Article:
I might have misinterpreted your question, but a 50mm lens is half the focal length, and therefore has twice as wide an angle of view as a 100mm lens. So if you take a picture of a subject with both lenses then there will be twice as much information in the photo taken with the 50mm because of the wider angle of view.
If both lenses are macro then we need to know what magnification each lens has in order to compare the two. Assuming that the lenses have comparable magnification then the difference will be that you can be farther away from the subject with a 100mm lens to get the same amount of information in the photo. If you take photos of bugs for example, you really have to get very close to the bug to use the macro function, maybe inches away. This would interfere with lighting and maybe even disturb the bug. With the 100mm lens you would be further away and get the same angle of view. If you were taking macro shots of venomous snakes you could get even further away using a 200mm macro lens and still get a good macro shot. That would keep you out of the hospital - mostly.
50mm lens are the easiest lenses to manufacture, therefore they are generally the least expensive of all lenses. The longer focal length lenses are much more difficult to make, so a true macro 100mm will be relatively expensive. This will depend on other characteristics of the lens though, such as maximum aperture, whether the lens has fancy things like image stabilization, and of course the maximum magnification.
Well, the 100mm will have more versatility and you'll find these are among the sharpest lenses in a manufacturer's portfolio of lenses.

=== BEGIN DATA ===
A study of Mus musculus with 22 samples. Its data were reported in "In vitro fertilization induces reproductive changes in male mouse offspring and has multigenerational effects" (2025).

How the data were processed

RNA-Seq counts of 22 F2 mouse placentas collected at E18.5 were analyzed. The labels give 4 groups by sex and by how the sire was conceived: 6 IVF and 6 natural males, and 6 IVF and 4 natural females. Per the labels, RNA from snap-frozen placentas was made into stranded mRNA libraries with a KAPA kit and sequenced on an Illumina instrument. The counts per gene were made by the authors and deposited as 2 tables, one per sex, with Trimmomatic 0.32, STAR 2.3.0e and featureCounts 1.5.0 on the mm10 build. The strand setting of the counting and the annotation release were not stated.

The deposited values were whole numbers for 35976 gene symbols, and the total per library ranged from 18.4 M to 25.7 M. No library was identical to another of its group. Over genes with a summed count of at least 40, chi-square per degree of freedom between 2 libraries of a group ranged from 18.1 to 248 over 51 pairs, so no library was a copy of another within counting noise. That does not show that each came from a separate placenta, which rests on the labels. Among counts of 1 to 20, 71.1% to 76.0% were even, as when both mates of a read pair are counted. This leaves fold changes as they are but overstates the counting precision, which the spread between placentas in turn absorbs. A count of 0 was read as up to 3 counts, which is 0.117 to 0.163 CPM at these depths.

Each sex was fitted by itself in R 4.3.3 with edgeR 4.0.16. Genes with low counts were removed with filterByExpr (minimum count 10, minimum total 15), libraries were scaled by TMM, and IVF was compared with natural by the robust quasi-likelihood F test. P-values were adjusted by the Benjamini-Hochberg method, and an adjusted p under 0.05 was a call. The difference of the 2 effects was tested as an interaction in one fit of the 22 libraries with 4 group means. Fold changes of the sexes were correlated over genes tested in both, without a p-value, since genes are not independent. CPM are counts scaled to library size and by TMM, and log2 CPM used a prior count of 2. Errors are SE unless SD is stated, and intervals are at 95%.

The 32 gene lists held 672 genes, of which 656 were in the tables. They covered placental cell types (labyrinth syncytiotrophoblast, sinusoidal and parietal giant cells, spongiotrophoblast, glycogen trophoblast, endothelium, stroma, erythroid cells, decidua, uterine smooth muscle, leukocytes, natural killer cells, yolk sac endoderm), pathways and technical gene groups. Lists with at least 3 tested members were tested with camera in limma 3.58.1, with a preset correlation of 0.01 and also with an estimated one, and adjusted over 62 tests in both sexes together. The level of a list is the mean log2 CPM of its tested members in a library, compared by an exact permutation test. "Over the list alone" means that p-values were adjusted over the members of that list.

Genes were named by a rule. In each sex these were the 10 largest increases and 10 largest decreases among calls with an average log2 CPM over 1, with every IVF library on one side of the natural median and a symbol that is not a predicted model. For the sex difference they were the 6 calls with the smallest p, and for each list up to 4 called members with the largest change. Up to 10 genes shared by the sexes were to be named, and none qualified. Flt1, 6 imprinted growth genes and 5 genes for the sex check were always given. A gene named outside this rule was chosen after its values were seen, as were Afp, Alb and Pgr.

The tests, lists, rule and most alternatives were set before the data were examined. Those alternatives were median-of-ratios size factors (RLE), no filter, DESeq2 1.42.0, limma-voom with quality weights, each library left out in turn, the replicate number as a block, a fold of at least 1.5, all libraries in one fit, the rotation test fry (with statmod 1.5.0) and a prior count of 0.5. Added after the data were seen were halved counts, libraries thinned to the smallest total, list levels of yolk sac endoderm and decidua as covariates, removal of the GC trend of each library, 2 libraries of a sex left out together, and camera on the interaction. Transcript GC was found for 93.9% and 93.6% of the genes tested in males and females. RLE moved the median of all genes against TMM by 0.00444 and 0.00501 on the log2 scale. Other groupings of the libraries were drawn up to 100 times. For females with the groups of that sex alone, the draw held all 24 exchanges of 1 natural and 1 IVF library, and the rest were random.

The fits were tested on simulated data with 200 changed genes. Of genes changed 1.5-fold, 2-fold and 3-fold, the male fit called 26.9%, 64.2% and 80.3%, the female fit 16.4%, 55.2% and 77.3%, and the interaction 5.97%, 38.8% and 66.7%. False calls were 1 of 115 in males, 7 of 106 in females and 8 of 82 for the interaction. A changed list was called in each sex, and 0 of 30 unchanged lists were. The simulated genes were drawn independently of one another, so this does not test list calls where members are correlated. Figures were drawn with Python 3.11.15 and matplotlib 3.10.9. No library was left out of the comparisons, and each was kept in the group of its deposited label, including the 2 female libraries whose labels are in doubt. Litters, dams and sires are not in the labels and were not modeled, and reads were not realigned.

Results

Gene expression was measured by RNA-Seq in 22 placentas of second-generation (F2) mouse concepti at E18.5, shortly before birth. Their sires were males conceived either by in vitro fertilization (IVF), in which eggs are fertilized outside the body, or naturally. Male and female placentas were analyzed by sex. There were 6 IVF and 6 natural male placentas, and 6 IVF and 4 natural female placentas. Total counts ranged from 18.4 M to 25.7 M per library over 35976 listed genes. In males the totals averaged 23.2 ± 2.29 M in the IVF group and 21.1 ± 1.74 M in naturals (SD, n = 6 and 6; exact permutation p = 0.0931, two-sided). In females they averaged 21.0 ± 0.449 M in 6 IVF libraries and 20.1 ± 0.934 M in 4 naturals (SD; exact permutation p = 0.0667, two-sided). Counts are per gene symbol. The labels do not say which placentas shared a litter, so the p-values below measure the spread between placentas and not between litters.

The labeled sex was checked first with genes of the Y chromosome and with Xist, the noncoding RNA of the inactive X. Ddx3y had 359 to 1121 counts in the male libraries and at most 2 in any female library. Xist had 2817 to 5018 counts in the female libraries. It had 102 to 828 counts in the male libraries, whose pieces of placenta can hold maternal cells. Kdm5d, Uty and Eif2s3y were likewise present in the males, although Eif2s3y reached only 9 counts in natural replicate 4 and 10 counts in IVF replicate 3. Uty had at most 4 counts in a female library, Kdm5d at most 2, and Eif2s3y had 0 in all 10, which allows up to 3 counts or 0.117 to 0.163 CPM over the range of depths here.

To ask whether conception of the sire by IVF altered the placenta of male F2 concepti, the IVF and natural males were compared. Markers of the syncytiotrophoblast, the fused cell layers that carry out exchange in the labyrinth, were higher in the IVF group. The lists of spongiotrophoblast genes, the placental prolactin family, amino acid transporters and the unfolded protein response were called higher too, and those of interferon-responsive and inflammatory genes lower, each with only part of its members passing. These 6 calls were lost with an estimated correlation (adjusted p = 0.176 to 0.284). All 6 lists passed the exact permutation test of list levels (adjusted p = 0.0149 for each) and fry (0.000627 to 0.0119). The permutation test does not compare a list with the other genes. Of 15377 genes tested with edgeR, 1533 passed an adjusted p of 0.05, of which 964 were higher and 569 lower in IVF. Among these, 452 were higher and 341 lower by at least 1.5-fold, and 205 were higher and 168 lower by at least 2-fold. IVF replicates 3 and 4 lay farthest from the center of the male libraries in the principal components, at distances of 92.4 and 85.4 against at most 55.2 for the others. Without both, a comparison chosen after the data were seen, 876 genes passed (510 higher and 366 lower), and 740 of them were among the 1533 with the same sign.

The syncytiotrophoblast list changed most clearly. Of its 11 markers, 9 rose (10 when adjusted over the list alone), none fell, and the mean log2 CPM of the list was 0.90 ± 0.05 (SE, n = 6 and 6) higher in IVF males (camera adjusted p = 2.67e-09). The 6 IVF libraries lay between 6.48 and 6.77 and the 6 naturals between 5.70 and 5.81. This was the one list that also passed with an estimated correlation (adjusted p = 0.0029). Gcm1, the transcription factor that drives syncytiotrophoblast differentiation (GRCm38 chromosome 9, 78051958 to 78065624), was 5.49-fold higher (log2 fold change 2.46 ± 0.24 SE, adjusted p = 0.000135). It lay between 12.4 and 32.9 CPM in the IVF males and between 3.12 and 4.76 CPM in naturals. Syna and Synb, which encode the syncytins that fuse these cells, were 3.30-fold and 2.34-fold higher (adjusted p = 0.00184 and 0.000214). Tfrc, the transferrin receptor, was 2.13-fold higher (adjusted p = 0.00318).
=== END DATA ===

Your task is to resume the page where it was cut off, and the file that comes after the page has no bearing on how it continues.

Remember though that, if cost is an issue, you're not compelled to buy brand new. There are thousands of excellent used gear out there and the optics of old lens really haven't been improved upon that much.
Here's an image from a 25 year old 105mm Nikon Macro fitted to a modern DSLR:
Thanks guys. I am always showing my friends these fly shots of yours Mark to show what macro lens can do
Have no particular purpose to use macro though. A bit of this and that maybe. Will start looking for a used one and see for what money they go compared to new ones. Is there any other place apart from ebay to look at used ones? There will still be some time before i get enough money as have just purchased a sigma 17-70 with os last week.
Well if you live in London you're spoiled for choice. If you're a Canon buff for example, check out London Camera Exchange The key point in this sample (even though this particular sample is located at a different store than London) is that it has a 1:1 magnification ratio. This is the as good as you'll see in a macro lens because it means that the object will be exactly the same size on the film as it is in real life. On top of that it has a fairly wide, if not earth shattering maximum aperture.
The thing you need to remember though, is that if you don't have a specific macro shooting goal in mind then perhaps you don't really need a dedicated macro lens. Instead, you should think about getting a more general purpose lens that also has macro ability. That way the lens becomes more useful to you. Some zoom lenses have macro ability although they may not have as good as a magnification as 1:1.